The term “data science” conjures images of supercomputers and processors, a seemingly technical endeavour that is only really applicable in the computing and information technology industries.

That image couldn’t be further from the truth. As the connected age expands data affects not just the traditionally tech-based industries but every single market – from real estate to education, from construction to hospitality.

When the potential of data-driven innovation is as much as $48 billion across all industries, it becomes clear all must be doing their part in order to create more value. While governments and other large organisations strive to understand the amount of information now in their hands, smaller SMEs across a huge range of industries now have the opportunity to create more value.

This is where some of the results could be the most significant, as small teams strive to find the best value they can with limited resources.

Which industries are primed for value?

As covered in PwC’s report, Deciding With Data, our data innovation index provides a relative sense of the industry that are poised for the highest gains – and those which may face bigger barriers in capturing data-driven innovation opportunities.

Each industry has been marked against two metrics – those which capture value, and those which create it. The results have been plotted on a matrix:

Data Index Graphic

For instance, the education and training market ranks highly on the value creation index, but lower on the value capture index. This index provides a snapshot at which industries are best primed for delivering value through data, and which may face bigger barriers in capturing data-driven opportunities.

Some of the biggest opportunities are located in a small set of industries:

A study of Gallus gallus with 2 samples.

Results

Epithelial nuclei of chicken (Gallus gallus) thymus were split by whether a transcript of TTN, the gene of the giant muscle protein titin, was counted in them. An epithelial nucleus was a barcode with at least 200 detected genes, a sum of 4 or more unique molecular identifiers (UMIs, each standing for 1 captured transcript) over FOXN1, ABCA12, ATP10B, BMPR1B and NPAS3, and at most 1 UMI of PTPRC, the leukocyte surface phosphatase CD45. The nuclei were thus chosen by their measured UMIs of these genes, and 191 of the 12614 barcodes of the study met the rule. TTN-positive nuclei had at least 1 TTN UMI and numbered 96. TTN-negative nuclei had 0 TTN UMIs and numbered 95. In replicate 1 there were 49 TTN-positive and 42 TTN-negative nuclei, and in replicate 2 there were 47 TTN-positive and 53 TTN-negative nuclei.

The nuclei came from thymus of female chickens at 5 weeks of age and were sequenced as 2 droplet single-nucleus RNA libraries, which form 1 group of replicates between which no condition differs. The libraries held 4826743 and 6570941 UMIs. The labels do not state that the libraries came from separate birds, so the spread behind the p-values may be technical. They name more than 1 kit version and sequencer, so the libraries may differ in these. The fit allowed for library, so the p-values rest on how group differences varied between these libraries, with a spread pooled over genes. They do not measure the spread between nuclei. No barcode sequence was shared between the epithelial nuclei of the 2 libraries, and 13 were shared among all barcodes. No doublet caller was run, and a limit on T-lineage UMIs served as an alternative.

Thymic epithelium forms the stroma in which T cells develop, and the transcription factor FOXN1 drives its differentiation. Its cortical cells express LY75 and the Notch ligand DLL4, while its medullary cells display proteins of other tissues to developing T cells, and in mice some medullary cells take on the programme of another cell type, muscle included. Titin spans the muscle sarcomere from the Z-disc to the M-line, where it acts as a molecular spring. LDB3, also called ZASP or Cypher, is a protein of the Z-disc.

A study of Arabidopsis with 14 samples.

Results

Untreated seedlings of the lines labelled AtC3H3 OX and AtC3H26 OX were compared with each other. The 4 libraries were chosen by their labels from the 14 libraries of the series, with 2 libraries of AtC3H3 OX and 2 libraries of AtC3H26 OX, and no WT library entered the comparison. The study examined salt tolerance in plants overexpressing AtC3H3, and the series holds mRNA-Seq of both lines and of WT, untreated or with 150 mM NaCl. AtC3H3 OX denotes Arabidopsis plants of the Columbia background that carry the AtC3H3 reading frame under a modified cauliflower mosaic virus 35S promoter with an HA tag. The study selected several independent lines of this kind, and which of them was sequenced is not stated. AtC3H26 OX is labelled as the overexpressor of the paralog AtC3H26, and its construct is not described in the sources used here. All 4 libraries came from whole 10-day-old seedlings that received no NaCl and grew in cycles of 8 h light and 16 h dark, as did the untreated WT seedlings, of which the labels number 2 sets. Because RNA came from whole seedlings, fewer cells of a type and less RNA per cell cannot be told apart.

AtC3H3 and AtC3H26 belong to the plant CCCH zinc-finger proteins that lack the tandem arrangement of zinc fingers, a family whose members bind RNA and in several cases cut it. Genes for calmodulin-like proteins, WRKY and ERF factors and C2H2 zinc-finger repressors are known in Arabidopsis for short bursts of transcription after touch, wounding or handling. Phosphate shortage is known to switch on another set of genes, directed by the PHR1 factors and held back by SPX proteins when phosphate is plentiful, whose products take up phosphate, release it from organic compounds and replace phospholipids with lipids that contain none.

Health Care and Social Assistance

The PwC index puts health care at the top of a list of industries most able to garner benefits from data-driven innovation. With greater adoption of electronic health records, data could further transform health care through a number of ways:

  • Identifying patients most likely to benefit from interventions
  • Using predictive algorithms to foresee potential re-admissions
  • Integrating triage algorithms into the clinical workflow to help manage rostering and patient transfers
  • Evaluating multiple data streams from patient monitoring to predict whether a patient’s condition is likely to worsen.

Many businesses are already attempting this in their own ways. Queensland Health uses clinical dashboards which show real-time data on hospital utilisation and comparisons with State benchmarks to improve coordination of care. In Sydney, the Sydney Local Health District brings together large amounts of data across public hospitals and health care facilities in the Sydney metropolitan region to benchmark and optimise levels of care.

There are a range of opportunities here to increase innovation in the health space. Health care already contributes $97 billion to GDP – it stands to take a massive share of that extra $48 billion from data if innovation is given a boost.

Insurance and finance

Finance businesses have an incentive to mine their data for better and more accurate information, as doing so will in theory provide a better risk profile. Some businesses are innovating in this area – like QBE Insurance.

Auto insurance pricing is often not aligned with individual risk but rather with ?the average risk of a driver with their characteristics. For example, cautious young drivers may face the same insurance premium as risky young drivers.

Inexperienced and younger drivers can sometimes take 10 years or more to be recognised as safe drivers in order to receive reductions in their insurance premium. Furthermore, traditional risk categories and incentives such as no-claim bonuses are limited in the capability to improve driver safety and reduce accidents.

As a result, QBE developed Insurance Box, which collects data on driving behaviour and sets risk-adjusted insurance premiums accordingly. Drivers can avoid steep premiums by showing safe driving behaviours.

The small, self-installed telematics device plugs into the car underneath the dashboard and transmits data collected real-time via satellite and mobile networks. Insurance Box combines information on date, time, speed, longitude, latitude, acceleration or deceleration (G-force), cornering, sudden braking, and then transmits that data back to base via a SIM card.

The real-time data feed can also speed up responses to accidents and assist with vehicle recovery if theft occurs.



Visit our Digital Innovation website to download your copy of the report and find out how you can make the most of data-driven innovation.

 

Contributor

Duncan Stone

Duncan Stone is a director in the Innovation & Disruption and Economics & Policy practices at PwC Australia.